Design I-93 is an exceptionally long, narrow, Craftsman-style house, requiring an unusually deep lot. It might fit nicely on a narrow strip of land previously ignored by builders as being too difficult to build on.
Just be sure the lot is wide enough to accommodate a driveway and deep enough so the house will rest well inside the property line and not outside it! Knowing your setback requirements will be important here.
Eighty years ago, designers of Craftsman-style houses often placed the dining room between the kitchen and living room. I played in plenty of these houses as a kid and can remember bumping my shins on many dining room tables and wishing, even then, that these big, dusty, formal rooms were out of the line of traffic.
I still feel that way. It was annoying then, and it's annoying now to traverse a dining room (one of the most "ceremonial" spaces in a home) on your way to an eat-in kitchen or living room. It disrupts "flow."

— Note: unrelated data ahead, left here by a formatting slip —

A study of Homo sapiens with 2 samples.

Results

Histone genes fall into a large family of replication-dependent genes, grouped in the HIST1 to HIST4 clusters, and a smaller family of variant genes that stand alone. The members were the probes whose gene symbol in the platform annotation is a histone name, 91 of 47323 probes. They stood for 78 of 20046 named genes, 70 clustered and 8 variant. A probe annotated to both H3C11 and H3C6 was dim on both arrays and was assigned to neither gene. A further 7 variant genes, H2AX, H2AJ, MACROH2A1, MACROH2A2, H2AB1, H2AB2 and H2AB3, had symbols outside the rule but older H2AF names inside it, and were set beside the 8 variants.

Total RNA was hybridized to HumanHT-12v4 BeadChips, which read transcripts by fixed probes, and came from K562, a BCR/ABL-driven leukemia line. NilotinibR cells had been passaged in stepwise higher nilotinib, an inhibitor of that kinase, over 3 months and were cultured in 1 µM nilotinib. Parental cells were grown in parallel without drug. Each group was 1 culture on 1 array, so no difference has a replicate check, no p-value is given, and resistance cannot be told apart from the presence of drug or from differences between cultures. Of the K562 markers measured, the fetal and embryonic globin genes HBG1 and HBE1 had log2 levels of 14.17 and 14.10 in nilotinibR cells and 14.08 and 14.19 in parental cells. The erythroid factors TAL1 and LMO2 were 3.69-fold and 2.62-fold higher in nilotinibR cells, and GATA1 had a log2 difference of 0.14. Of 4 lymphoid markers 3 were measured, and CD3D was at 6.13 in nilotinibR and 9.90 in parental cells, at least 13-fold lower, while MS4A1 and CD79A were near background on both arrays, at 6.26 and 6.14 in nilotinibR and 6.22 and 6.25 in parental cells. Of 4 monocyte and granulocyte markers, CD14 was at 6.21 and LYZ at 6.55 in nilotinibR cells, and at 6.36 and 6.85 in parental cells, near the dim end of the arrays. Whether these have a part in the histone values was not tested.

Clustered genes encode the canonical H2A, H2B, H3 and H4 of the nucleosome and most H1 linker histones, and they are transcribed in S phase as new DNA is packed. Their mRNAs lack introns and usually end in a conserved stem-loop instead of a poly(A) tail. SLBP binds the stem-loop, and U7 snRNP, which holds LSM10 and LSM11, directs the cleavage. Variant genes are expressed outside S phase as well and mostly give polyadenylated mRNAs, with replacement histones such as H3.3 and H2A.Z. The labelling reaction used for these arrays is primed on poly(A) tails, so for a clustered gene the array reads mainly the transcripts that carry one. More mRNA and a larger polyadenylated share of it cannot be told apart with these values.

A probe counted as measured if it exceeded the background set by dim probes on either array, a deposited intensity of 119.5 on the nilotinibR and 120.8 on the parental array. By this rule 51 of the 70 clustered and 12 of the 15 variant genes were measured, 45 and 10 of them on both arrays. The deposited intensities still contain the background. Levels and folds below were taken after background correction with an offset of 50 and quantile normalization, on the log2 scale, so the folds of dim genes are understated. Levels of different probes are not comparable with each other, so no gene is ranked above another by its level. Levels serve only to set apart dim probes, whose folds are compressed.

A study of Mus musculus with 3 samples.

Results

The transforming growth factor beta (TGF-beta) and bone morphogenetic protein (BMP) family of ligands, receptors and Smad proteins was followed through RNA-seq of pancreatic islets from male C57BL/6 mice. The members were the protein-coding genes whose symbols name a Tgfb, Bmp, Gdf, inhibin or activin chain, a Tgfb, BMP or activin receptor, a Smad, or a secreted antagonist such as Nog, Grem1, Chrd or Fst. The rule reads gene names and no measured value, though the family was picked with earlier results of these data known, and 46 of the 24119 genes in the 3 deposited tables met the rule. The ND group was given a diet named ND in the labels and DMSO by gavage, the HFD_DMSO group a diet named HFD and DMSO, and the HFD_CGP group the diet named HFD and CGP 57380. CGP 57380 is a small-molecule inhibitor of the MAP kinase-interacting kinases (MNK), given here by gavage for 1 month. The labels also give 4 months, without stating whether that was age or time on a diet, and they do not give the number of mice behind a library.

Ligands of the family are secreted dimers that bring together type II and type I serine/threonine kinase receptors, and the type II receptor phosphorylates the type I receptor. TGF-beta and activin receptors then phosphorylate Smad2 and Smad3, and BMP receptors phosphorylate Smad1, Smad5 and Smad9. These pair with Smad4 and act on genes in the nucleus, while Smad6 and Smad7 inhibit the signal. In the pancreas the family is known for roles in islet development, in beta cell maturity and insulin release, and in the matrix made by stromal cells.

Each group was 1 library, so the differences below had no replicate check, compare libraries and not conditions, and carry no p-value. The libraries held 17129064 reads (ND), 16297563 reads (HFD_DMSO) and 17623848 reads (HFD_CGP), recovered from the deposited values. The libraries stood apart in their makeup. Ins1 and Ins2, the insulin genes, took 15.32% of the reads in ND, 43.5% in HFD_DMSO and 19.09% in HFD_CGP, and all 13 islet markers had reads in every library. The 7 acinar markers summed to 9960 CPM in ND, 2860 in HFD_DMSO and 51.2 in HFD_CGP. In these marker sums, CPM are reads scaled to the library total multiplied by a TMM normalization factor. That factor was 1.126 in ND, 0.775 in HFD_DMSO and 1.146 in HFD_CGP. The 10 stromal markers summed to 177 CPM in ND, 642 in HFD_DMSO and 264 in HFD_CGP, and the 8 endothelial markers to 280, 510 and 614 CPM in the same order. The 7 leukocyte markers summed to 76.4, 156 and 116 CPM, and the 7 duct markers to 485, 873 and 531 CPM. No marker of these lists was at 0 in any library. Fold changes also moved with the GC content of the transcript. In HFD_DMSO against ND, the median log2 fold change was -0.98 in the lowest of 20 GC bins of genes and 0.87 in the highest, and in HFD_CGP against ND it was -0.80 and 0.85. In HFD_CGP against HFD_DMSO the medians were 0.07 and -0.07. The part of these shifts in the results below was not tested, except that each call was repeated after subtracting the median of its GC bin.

And flow -- that elusive quality that good house designs have -- has a lot to do with progressing smoothly from formal to informal rooms, from ceremonial to intimate spaces, as you proceed from front to back in a house.
Insert a formal dining room directly between two more intimate spaces, and flow can feel disrupted.
The master suite looks private, but isn't really. It shares a wall with a secondary bedroom. At least the location of the washer and dryer near the bedrooms is a welcome update. With roots in the early 20th century, Design I-93 could be modernized even more and still retain its architectural flair.
(Reviewed by Emily Smith, house plan collector and consultant. She welcomes your comments and opinions. Send to email@example.com or to HPR Services, P.O. Box 1143, Reidsville NC 27323.)